Dementia Myths vs Realities 3/5: Counselling Younger People
Who is the 21st century client when it comes to therapy with people with a dementia? To coincide with World Alzheimer’s Month, Danuta Lipinska continues her myth-busting five-part series about the value and diversity of counselling people with a dementia. Today, she shares features of working with younger clients, from the poignancy of planning for the future, to the therapist’s encounter with her own vulnerability.
Myth 3: Dementia only affects older adults
Our first thoughts of persons living with a dementia often relate to older adults in their seventies through to their hundreds. In the later stages of the experience, we possibly place them in assisted living, residential care, a group or nursing home or a day centre. These men and women may well already be our clients.
However, to make therapy relevant to the 21st century client living with cognitive changes, we must open ourselves to the reality that of the 850,000 people living with a dementia in the UK, 42,325 are those under the age of 65 – a sociological, not a neurological distinction. We can include those women and men who develop a Young Onset Dementia in our practice.
This means that the client may be younger than I am. The client may be the age of my son or daughter, best friend, sibling, or adult grandchild, not just my parent or grandparent. The client’s issues will not only be related to their changing cognition, perception, and communication. They may include their work and career, relationships with children, grandchildren, blended families and partners, divorce, ageing parents, their boss, employees, their students, institutions, and organisations. They may talk about their sex lives (more of which in next week’s blog), creativity, fitness, hobbies, drugs, and finances, to name but a few. The reasons for seeking counselling may indeed present multiple issues, even before a diagnosis is officially made.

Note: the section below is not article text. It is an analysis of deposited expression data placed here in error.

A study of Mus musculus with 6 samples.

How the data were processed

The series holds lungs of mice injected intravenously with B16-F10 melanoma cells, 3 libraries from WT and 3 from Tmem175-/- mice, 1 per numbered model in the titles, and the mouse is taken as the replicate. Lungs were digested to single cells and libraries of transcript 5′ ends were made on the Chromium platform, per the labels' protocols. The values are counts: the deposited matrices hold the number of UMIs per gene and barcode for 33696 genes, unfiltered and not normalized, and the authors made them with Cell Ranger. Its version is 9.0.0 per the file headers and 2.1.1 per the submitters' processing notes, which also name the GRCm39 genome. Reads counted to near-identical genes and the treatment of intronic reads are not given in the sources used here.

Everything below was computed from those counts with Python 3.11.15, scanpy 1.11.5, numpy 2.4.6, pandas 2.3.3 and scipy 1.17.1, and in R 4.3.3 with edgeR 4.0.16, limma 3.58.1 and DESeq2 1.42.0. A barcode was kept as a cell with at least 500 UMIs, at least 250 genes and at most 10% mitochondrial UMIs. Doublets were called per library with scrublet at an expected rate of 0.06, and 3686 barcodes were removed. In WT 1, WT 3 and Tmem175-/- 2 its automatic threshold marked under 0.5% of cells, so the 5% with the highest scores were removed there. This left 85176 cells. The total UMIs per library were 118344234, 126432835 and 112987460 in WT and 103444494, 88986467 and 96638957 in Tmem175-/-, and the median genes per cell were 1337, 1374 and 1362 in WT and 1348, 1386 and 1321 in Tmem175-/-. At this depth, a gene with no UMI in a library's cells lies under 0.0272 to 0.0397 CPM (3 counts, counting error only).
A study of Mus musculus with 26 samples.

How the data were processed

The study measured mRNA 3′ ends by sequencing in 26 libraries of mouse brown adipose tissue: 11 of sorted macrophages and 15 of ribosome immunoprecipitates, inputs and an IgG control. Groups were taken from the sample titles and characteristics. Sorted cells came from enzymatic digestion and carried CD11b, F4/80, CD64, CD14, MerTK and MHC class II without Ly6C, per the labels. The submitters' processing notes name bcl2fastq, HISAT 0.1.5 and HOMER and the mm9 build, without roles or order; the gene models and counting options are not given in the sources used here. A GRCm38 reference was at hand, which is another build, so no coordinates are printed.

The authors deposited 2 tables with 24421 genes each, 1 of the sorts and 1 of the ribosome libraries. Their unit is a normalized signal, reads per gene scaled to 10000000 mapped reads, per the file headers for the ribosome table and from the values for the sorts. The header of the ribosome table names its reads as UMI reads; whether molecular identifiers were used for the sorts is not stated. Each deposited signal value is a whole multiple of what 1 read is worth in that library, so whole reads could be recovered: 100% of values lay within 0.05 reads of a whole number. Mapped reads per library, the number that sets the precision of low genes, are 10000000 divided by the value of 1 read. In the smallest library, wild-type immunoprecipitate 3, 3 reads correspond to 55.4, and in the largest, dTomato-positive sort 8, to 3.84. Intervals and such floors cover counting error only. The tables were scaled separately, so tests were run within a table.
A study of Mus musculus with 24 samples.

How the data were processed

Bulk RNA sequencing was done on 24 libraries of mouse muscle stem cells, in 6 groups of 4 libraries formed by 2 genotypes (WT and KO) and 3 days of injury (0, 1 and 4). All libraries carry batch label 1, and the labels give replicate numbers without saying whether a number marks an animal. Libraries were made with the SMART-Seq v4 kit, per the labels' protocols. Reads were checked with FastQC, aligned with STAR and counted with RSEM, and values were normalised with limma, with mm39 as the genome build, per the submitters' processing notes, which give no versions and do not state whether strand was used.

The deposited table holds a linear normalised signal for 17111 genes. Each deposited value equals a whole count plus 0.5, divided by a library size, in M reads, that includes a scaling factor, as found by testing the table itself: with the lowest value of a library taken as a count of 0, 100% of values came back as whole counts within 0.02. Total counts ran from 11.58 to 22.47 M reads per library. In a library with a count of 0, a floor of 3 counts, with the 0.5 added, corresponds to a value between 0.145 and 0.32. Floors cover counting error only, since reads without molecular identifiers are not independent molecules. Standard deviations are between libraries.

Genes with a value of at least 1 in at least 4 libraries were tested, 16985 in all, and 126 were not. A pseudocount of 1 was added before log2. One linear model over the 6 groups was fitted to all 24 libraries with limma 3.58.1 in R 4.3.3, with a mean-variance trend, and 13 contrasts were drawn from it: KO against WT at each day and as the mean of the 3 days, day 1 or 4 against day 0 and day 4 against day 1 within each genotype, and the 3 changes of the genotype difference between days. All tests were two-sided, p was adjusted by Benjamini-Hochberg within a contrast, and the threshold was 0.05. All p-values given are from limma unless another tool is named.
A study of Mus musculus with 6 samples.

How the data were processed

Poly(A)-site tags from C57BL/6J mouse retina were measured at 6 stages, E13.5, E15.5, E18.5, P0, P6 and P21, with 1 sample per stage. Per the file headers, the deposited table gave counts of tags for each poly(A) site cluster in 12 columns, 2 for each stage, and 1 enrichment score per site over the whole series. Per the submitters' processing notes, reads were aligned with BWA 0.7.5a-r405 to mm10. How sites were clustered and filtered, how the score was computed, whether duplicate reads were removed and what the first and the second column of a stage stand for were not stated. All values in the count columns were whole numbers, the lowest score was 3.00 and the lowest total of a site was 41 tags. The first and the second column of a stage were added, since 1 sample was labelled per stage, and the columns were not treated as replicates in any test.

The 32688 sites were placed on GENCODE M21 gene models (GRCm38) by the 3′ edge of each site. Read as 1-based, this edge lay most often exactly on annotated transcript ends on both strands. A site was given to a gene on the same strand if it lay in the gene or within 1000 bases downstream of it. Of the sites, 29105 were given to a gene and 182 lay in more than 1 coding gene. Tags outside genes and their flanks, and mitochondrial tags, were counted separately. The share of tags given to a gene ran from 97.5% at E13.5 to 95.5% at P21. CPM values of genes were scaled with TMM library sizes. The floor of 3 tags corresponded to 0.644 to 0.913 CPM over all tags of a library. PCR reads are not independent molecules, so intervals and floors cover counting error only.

Unfortunately, the advances in diagnostic skills do not always accompany age, lifestyle or life-stage appropriate support and care. We are learning and achieving more every day. Often, due to knowledge deficits, regional resources, socio-political and economic forces and ageism, mid-life adults may find difficulty accessing the diagnostic investigations which rule out a neurodegenerative condition.
One in three people with Down’s syndrome will develop Alzheimer’s disease in their fifties. The British Institute for Learning Disabilities (bild) is a UK based organisation that advocates for adults with disabilities, including dementia, to live well.
12 per cent of rare dementias occur in those under 65 compared to two per cent in those over 65. 10 per cent of the Young Onset Dementias tend to be inherited, which creates concerns with siblings, children, and prospective partners. Discussions may ensue about genetic testing and the concomitant psychological and practical concerns involving the whole family. These themes are explored realistically in the popular film, Still Alice.
As therapists, and people, it is one thing to imagine that perhaps 40 or 60 years from now, I might develop Alzheimer’s disease. It is quite another to engage with a client who is younger than I am and has a teenage daughter and an eight-year-old son. The client might not see them finish school, choose a career or a partner or have a family. The client’s partner may well fall in love again. Planning for the future is particularly poignant.
For us therapists, there is work to be done, within our Self, and in supervision, when the identification with our own vulnerability is so stark.
Vibrant advocacy groups created by people living with a Young Onset Dementia, like DEEP (Dementia Empowerment and Engagement Project) in the UK, present compelling arguments to government, families and professional supporters for how they wish to live their lives and how to share inclusive, informed language. ‘Guidelines on language about dementia’ was created by DEEP.
International dementia ambassador, Kate Swaffer’s book, What the Hell Happened to My Brain? is informative and pulls no punches about her diagnosis before her 50th birthday.
How might our therapeutic relationships create the opportunity to empower and support the lives of these men and women to live as well as they would wish to? The generous gifts of these relationships for me, have been both humbling and extraordinary.